Mika Newton: An Unlikely "Angel" for Ukraine
The next song selected for Düsseldorf was the Ukrainian entry. After months of preselections, heats, semifinals, rumors, and innuendo, most observant Eurofans had assumed that the golden ticket would fall into the hands of one of three women: Zlata Ognevich, Jamala, or Anastasiya Prikhodko. Zlata’s upbeat “The Kukushka” was a perfect dance-pop number that fit in nicely with Ukraine’s Eurovision history (think “Shady Lady”, “Be My Valentine”, “Show Me Your Love”, etc). Jamala’s quirky “Smile” was an imaginative and unique offering unlike any other song in the National Selection (or any other, for that matter). And the lure of bringing in Anastasiya, who had represented Russia back in 2009, was a pretty big temptation, as well, even if her song “Action” didn’t show off very much of her vocals.
So, did the victory go to Zlata, Jamala, or Anastasiya?
Turns out, it went to none of the above! In a shock win, Mika Newton’s ballad “Angel” took the maximum points from the jury, audience text voting, and the online vote. I’m still not sure what to think of this turn of events…I had been rooting for Zlata, in all honesty. The Ukrainians had a number of unique, catchy, and creative songs that might have landed them at the top of the leaderboard in Germany, but they went for a slow ballad with little standalone personality. It’s still unclear whether Mika will sing in English or Ukrainian (she’s recorded the song in both, although she performed the English version at the Preselection yesterday). I personally hope she goes for the Ukrainian, as her English isn’t quite intelligible, and keeping it in her native language might give the song some measure of authenticity. Regardless, she looks lovely and sings well, it’s just that the song doesn’t make it up to par.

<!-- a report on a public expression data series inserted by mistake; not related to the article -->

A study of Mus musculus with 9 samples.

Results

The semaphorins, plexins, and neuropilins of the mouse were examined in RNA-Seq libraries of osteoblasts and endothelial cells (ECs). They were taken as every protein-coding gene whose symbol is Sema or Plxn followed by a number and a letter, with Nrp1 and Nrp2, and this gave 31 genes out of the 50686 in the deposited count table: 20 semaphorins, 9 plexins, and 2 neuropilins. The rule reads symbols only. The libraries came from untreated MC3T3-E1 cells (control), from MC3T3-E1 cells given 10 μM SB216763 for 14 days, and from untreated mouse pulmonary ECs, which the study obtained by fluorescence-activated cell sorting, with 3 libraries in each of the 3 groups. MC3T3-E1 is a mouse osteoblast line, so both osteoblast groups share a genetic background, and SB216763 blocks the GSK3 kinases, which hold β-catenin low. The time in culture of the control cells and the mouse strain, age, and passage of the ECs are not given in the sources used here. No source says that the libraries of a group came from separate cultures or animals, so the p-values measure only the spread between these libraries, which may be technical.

(UPDATE!: Continuing with the longstanding tradition of confusion and possible corruption in Ukrainian Eurovision proceedings, the validity of Mika’s victory as been thrown into question. Allegations of power-voting from the televote and online poll have arisen, and even one of the jurors wants an in-depth investigation of the weekend’s proceedings. Complicating matters even further, Mika herself has said that she wants to switch her song “Angel” out for a new one, written by “My Heart Will Go On” producer Walter Afanasieff. So, will the ticket go to Zlata or Jamala after all? Everything’s still very much up in the air in Kiev, and I’ll try to keep you all as informed as possible as quickly as possible!)